Paul Di Filippo
Four Walls Eight Windows, 352 pages

The Steampunk Trilogy
Paul Di Filippo
Paul Di Filippo lives in Providence, Rhode Island. He is the author of four story collections, Destroy All Brains, The Steampunk Trilogy, Ribofunk, Fractal Paisleys (and a fifth called Lost Pages due out this year). Paul Di Filippo's first novel, Ciphers, was published by Cambrian Publications and Permeable Press. Cambrian Publications plans to publish two more of his novels: Joe's Liver (mid-1998) and Spondulix (second half of 1998 or early 1999).

Paul Di Filippo Website
ISFDB Bibliography
SF Site Review: Ribofunk
SF Site Review: Fractal Paisleys
SF Site Reading List: Four Walls Eight Windows

Past Feature Reviews
A review by Katharine Mills

The Steampunk Trilogy is a magnificent specimen of that rare bird, intelligent humour. Di Filippo stirs up a funky stew of puns, literature, natural history and sex, and serves it up in an elaborate Victorian dish -- 300-odd pages of juicy reading pleasure.

Welcome to steampunk. You probably don't remember, but the 19th century was much like the 20th -- a period of faster-than-the-naked-eye change, and galloping technological advances. Forget nostalgia; Di Filippo has caught the spirit of an age that looked forward, a cutting-edge wrapped in corsets and bustle. Whether he's chronicling the creation of a sexy newt, or the travels of a ship equipped with galvanic generators and spiritualist manifestations, he's talking about the latest thing. But don't think this is mere history.  This is better.

The three novellas of The Steampunk Trilogy share this deliciously twisted 19th century setting, though their narratives are quite independent of each other. They share, too, a delightfully irreverent attitude to the Figures of History.

In "Victoria," we encounter the aforementioned newt, transformed into something like a human woman by Cosmo Cowperthwaite's administration of glandular growth factors. Unfortunately, Cowperthwaite's tinkering has had an unexpected side effect: the newt is a nymphomaniac, and irresistible to any male of normal appetites. Nonetheless, her tractability, and a chance resemblance to the young Queen, makes her the perfect choice to conceal Queen Victoria's sudden disappearance.

The tale then becomes a wild chase through the seamy underbelly of London. Cowperthwaite and his intrepid assistant McGroaty must find the real Victoria before her coronation (and before her Prime Minister, Lord Melbourne, expires from sexual exhaustion), while foiling the devilish machinations of Lord Chuting-Payne, who would like nothing better than to involve the monarchy in a crashing scandal. "Victoria" reminded me in places of some of the more improbable Sherlock Holmes stories, only loaded with naughty moments.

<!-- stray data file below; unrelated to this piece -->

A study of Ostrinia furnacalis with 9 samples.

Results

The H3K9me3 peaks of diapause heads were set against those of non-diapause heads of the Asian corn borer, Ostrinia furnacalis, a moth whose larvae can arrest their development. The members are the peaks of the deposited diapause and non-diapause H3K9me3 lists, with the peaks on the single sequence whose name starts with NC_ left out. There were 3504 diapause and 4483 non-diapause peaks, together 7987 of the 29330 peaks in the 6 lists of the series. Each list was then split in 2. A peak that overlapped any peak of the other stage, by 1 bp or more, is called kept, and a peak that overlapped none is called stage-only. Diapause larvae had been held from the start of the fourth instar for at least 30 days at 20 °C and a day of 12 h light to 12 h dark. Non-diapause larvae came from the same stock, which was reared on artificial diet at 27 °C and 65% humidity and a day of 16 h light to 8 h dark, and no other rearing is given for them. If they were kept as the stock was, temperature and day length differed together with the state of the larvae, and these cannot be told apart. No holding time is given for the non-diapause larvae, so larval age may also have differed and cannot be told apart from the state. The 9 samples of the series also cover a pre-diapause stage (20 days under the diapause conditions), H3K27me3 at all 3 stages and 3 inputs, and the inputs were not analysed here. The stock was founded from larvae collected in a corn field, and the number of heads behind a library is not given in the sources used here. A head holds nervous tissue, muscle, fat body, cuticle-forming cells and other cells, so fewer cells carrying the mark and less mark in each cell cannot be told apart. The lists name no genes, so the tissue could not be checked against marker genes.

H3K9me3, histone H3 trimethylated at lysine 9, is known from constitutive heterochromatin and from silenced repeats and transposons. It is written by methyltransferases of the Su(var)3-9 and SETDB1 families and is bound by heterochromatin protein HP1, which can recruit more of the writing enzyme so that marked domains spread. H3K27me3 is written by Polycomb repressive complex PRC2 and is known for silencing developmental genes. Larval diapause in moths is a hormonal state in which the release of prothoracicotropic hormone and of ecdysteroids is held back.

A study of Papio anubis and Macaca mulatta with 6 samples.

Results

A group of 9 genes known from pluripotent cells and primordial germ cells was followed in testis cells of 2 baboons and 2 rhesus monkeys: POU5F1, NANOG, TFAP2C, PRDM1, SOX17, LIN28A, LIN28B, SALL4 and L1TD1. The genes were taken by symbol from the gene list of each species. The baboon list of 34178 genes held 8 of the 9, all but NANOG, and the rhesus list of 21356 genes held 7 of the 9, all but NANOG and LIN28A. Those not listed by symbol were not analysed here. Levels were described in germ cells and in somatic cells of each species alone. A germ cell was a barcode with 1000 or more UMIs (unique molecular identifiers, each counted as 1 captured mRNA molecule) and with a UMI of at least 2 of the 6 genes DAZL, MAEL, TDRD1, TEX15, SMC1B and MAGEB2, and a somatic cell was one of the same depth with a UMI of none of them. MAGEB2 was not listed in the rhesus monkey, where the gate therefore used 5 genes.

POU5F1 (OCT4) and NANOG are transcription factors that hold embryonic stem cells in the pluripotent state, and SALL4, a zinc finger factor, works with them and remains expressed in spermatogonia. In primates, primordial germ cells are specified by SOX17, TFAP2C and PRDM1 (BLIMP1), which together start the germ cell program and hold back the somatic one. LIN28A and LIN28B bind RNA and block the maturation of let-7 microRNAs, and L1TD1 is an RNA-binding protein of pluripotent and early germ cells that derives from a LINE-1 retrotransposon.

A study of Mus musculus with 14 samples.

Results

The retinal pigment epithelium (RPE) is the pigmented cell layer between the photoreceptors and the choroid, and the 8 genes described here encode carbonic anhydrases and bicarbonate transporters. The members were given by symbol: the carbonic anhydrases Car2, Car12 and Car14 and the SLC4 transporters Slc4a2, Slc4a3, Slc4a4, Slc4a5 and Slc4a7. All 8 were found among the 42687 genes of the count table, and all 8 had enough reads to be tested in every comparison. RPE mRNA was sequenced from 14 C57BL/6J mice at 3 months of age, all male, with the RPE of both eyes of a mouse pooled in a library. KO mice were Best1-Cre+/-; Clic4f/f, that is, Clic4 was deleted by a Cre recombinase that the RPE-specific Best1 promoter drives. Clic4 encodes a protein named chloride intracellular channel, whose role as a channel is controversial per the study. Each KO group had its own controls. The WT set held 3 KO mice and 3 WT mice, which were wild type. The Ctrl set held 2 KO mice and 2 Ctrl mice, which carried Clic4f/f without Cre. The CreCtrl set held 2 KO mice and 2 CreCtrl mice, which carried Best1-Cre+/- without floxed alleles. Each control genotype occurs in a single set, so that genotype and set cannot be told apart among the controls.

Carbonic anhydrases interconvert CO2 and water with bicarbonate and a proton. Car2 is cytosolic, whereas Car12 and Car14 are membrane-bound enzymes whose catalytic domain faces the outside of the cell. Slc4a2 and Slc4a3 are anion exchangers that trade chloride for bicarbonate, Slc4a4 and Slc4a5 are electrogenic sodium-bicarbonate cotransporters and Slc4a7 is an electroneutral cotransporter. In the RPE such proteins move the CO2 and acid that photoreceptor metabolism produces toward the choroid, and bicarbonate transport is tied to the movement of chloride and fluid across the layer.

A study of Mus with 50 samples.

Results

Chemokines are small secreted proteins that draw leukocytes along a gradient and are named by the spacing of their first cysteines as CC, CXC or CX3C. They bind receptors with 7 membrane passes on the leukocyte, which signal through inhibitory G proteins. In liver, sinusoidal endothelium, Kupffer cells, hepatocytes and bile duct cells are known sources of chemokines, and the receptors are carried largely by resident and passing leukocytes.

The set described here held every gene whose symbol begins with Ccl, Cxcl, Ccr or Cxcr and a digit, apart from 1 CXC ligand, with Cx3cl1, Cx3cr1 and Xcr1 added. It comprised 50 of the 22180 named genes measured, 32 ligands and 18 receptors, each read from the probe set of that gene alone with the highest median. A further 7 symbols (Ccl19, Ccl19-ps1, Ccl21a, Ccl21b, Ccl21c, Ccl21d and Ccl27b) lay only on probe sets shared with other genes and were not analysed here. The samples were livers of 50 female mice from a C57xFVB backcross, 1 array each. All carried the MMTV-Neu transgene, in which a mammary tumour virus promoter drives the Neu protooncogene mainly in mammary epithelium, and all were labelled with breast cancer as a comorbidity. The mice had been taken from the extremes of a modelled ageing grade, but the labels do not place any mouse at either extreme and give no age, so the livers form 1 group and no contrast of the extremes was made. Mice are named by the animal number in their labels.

From there, we leap lightly across the ocean to the New World, and "Hottentots." Here we encounter Swiss naturalist and white supremacist extraordinaire Louis Agassiz, on the verge of the greatest adventure of his career. When his bedroom is invaded one night by Jacob Cezar and the "abominable anthropological specimen" Ng!datu, he little realizes where it will lead. But he is shortly, to his horror, entangled in black magic, a quest for a stolen fetish and a search for the Well of Life. Worse still, he must deal with insurrection in the ranks of his own underlings, a short stay in prison, and the debunking of all the ideals he holds most dear.

The last tale, and my favourite, is "Walt and Emily," a delightful story starring American poet-recluse Emily Dickinson. Popular history has it that Emily lived out her life as a near-total hermit and weirdo, dressing in white and lowering her award-winning baked goods down to the local children in baskets. Little did we know, until now, that in fact she was travelling through the Astral Plane on a most unusually equipped ship, having steamy affairs with -- Walt Whitman! This is a side of the modest and virginal Emily that hadn't occurred to me. And though Walt, whom we first encounter in a State of Nature, proves himself to be no more than a man, Emily's spiritual awakening happens in spite of him. "Walt and Emily" gains an added piquancy from the fact that Di Filippo is obviously familiar with their verse, and uses it to mischievous effect in their dialogue.

Yes, The Steampunk Trilogy is a delicious little threesome indeed! From Dickens to the cutting edge of the avant-garde, Di Filippo's got it covered, in a spunky synthesis that manages to be at once raunchy and well-read. Go for it!

Copyright © 1998 Katharine Mills

Since this past Yuletide, Katharine Mills has been the proud owner of a thirty-volume set of the works of Dickens, bound in red. Her recreations include playing Vivaldi loud enough to disturb the neighbours, and worse, singing tunelessly in accompaniment. Her deepest wish has not yet come true, but it might.